LTG Austin Miller, the commander of the Joint Special Operations Command (JSOC), testified before the Senate Armed Services Committee on Tuesday, June 19, 2018 during his confirmation hearing for assignment as commander of NATO’s Resolute Support Mission in Afghanistan.
LTG Austin Miller has had previous tours in Afghanistan totaling about 4 years – so he is an experienced “Afghan hand”. His previous tours include time with ‘Task Force’ as well as commander of Combined Forces Joint Special Operations Command – Afghanistan (CFSOCC-A) and later of NATO Special Operations Component Command – Afghanistan (NSOCC-A).
During the visit to capitol hill Miller answered a lot of questions posed by the senators. These ranged from “Why are we in Afghanistan?” to “How long will we be there”. For the most part, there were no ‘surprise answers’ – with Miller carefully staying on the DoD ‘message’ we have been hearing over the past several years.
His son, a second lieutenant serving with the 82nd Airborne Division, sat in the hearings in a row behind him. LTG Miller indicated during the hearing that he never thought that his son would be in a position to deploy to Afghanistan.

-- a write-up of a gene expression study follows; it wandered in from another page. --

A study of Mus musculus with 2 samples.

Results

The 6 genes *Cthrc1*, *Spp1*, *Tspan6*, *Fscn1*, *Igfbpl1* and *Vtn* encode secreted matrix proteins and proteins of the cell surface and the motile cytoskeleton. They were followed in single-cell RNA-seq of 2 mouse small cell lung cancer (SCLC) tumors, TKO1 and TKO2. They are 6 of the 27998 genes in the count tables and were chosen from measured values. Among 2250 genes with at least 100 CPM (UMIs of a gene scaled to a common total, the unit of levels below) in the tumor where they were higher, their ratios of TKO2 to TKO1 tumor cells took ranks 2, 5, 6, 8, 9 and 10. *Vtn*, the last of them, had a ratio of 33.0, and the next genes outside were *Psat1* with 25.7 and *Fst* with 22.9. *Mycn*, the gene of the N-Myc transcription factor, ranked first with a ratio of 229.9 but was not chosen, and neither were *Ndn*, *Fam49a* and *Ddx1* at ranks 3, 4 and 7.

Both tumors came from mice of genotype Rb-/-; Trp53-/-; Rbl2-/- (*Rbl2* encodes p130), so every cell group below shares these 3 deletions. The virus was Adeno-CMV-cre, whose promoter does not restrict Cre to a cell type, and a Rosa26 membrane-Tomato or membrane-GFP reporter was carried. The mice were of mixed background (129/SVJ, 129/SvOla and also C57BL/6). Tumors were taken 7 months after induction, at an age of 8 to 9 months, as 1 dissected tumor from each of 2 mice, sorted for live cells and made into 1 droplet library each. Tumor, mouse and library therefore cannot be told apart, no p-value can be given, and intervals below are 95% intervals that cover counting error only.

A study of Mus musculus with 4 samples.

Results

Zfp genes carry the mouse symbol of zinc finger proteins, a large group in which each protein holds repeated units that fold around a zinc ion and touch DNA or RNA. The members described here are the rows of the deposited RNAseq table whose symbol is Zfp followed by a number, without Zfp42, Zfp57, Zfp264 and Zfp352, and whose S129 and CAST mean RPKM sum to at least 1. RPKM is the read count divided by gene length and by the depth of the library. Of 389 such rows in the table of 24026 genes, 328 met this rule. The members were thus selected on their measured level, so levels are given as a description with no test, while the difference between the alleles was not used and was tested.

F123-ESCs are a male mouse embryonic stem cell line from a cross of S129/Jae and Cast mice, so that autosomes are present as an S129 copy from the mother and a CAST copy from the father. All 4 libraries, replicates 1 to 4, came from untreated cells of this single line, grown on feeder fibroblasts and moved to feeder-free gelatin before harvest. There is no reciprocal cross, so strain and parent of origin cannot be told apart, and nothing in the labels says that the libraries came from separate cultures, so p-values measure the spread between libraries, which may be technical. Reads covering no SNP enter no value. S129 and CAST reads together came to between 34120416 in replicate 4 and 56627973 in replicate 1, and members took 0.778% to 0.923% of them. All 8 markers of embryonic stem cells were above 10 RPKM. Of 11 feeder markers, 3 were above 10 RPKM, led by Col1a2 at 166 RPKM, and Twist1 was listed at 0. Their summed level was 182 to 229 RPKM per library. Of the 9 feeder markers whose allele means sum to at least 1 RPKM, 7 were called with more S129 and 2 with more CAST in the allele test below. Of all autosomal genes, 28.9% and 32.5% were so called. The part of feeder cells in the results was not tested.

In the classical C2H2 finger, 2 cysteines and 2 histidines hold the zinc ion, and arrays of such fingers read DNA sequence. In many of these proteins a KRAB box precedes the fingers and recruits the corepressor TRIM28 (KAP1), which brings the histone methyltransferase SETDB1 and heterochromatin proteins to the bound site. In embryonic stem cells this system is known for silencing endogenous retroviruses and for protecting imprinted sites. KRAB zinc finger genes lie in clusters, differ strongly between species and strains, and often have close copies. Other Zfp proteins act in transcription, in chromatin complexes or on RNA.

LTG Miller was candid when speaking about the effectiveness of counterterrorism operations. He indicated that CT operations have a disrupting effect on insurgents and terrorists but these effects are ‘fleeting’. More important is the ‘train, advise, and assist’ mission in Afghanistan which endeavors to get the Afghan National Defense and Security Forces (ANDSF) up to speed and able to regain territory lost to the Taliban and to get after the other terrorist groups like ISIS and al Qaeda that are in sanctuary areas in Afghanistan.
Naturally, there was a ‘partisan flavor’ to the hearings. Democrats and Republicans alike were complimentary of LTG Miller’s background, experience, and service. The Democrats did manage to take an opportunity to question the current administration’s policies in Afghanistan.
Testimony video: You can watch LTG Austin Miller’s testimony before the Senate Armed Services Committee at the link below. The 1 1/2 hour-long testimony begins at the 15 minute mark.